It is inherently dangerous to a democracy for all of its telecommunications infrastructure to be held in the hands of unelected and unaccountable private actors with no obligation to behave in a nondiscriminatory manner. Municipal networks by their nature answer directly to the local community and their policies are subject to scrutiny and modification by public action, if need be at the ballot box. The preservation of a system of mixed public and private ownership of telecommunications infrastructure is essential to maintaining the free flow of information unfettered by the economic interests of dominant private actors. ,
Amherst, MA, Upgrades Its Free WiFi
In 2007, the City of Amherst, Massachusetts received a $150,000 grant from the Defense Advanced Research Projects Agency (DARPA) and the National Science Foundation (NSF) to build a wireless mesh network. DARPA and NSF have long been interested in developing mesh networks that are more resilient than traditional hub and spoke type networks.
The City IT Department, UMass Amherst Office of Information Technology Department, DARPA and NSF collaborated to deploy the network that now covers much of the city.
According to GazetteNet.com, the city is now investing another $50,000 to upgrade the system which now extends a mile through downtown. From the article:
“We definitely have the fastest and largest outdoor Wi-Fi network in the state,” said Information Technology Director Kristopher Pacunas.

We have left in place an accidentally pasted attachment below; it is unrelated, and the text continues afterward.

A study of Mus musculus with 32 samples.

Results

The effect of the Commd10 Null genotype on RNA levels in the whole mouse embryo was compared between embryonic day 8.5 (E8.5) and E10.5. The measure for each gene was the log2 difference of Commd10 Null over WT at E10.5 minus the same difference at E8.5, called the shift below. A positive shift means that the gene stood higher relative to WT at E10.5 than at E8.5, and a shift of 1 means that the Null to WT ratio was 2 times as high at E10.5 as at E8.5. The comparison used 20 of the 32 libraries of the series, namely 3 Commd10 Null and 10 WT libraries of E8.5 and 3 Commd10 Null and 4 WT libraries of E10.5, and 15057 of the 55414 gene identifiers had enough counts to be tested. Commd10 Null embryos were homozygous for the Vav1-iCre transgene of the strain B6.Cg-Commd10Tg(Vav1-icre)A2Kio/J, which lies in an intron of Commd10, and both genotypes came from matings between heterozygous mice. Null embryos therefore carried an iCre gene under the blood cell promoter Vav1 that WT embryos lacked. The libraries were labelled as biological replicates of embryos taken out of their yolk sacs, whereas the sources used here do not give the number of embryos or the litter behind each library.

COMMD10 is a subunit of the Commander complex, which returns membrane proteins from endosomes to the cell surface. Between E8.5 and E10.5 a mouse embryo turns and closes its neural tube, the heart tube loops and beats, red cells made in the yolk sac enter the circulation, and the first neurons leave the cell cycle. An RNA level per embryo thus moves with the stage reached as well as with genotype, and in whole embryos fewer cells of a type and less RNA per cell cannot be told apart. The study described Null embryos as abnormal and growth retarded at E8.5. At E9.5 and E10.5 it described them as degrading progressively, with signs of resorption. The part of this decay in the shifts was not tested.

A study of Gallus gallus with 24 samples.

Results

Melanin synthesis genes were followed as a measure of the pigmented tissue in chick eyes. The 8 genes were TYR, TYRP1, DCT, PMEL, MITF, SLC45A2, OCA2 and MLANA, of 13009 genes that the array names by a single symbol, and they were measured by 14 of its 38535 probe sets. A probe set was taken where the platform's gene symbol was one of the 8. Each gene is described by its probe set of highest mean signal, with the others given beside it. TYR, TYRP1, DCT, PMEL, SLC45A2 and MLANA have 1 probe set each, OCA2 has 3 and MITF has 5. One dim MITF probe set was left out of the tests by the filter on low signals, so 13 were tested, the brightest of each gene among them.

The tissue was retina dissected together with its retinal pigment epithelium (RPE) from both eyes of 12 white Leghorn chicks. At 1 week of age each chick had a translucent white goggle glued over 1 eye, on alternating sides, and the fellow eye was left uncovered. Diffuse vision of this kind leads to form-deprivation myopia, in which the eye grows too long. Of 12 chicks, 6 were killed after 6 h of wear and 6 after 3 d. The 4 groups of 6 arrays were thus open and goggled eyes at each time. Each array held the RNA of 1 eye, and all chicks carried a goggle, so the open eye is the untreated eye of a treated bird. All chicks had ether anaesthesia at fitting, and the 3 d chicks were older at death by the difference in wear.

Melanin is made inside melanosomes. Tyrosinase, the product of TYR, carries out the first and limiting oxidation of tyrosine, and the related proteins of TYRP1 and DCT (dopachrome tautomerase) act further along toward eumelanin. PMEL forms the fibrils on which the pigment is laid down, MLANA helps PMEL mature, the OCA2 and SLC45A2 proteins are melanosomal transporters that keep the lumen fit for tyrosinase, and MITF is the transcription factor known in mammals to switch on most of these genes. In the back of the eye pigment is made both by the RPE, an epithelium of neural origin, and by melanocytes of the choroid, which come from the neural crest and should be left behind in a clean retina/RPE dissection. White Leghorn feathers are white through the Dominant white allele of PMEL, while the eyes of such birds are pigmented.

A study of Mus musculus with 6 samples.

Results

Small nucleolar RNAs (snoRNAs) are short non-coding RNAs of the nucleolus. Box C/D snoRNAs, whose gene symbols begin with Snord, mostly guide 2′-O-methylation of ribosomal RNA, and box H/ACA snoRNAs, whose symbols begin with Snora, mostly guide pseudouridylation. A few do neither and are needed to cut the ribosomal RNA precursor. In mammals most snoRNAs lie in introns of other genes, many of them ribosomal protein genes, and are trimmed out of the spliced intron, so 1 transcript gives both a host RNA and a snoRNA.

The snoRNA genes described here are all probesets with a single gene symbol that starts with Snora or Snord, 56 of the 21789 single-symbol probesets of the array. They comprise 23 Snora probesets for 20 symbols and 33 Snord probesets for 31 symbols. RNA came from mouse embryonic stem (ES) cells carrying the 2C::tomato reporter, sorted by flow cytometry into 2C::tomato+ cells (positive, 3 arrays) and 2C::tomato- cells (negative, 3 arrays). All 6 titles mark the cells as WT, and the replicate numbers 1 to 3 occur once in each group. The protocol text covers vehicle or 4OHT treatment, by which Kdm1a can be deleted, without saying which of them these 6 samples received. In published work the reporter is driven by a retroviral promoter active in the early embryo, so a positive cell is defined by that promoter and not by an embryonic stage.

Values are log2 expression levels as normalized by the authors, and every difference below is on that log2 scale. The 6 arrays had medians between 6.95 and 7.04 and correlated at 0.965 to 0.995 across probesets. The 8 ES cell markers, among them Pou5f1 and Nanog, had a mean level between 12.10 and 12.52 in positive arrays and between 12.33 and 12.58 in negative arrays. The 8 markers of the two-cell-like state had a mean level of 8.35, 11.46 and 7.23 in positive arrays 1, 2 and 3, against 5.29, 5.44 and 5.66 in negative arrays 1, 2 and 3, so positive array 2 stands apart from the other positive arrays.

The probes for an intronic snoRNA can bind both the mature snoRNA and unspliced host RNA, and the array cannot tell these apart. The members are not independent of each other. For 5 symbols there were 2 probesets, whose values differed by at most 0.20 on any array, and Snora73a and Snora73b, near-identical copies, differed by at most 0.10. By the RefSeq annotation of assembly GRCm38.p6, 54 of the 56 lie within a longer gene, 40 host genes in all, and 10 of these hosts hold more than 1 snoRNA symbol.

The new system, which replaces aging equipment that was part of a smaller municipal Wi-Fi system, will be a boon to those who live, work and shop in downtown Amherst, said Pacunas, who anticipates as many as 2,000 different people will use the system daily.
“We’ve seen data in the short time we’ve had this (that) people will come to downtown areas with free Wi-Fi,” Pacunas said.
While the new upgrades were not officially launched until the start of 2013, Pacunas said that over 10,400 people used the system in the weeks leading up to the new year. Pacunas also notes that the network has limited functionality indoors, being designed mostly for public outdoor spaces downtown.
The Town of Amherst Public WiFi website describes how the design was meant to blend in with the look of the city and the light and utility poles that house the access points. There are 30 wireless mesh access points and burst speeds up to 80 Mbps. This is another example of how a municipal network can create direct benefits AND indirect benefits simply through its implementation. Also from the article:
Alex Krogh-Grabbe, director of the Amherst Business Improvement District, said he sees the benefits of the system.
“The new downtown Wi-Fi put downtown Amherst and its business district way ahead of most communities in terms of attracting people to downtown through technology,” Krogh-Grabbe said.
Amhert Town Hall photo used under Creative Commons license courtesy of John Phelan.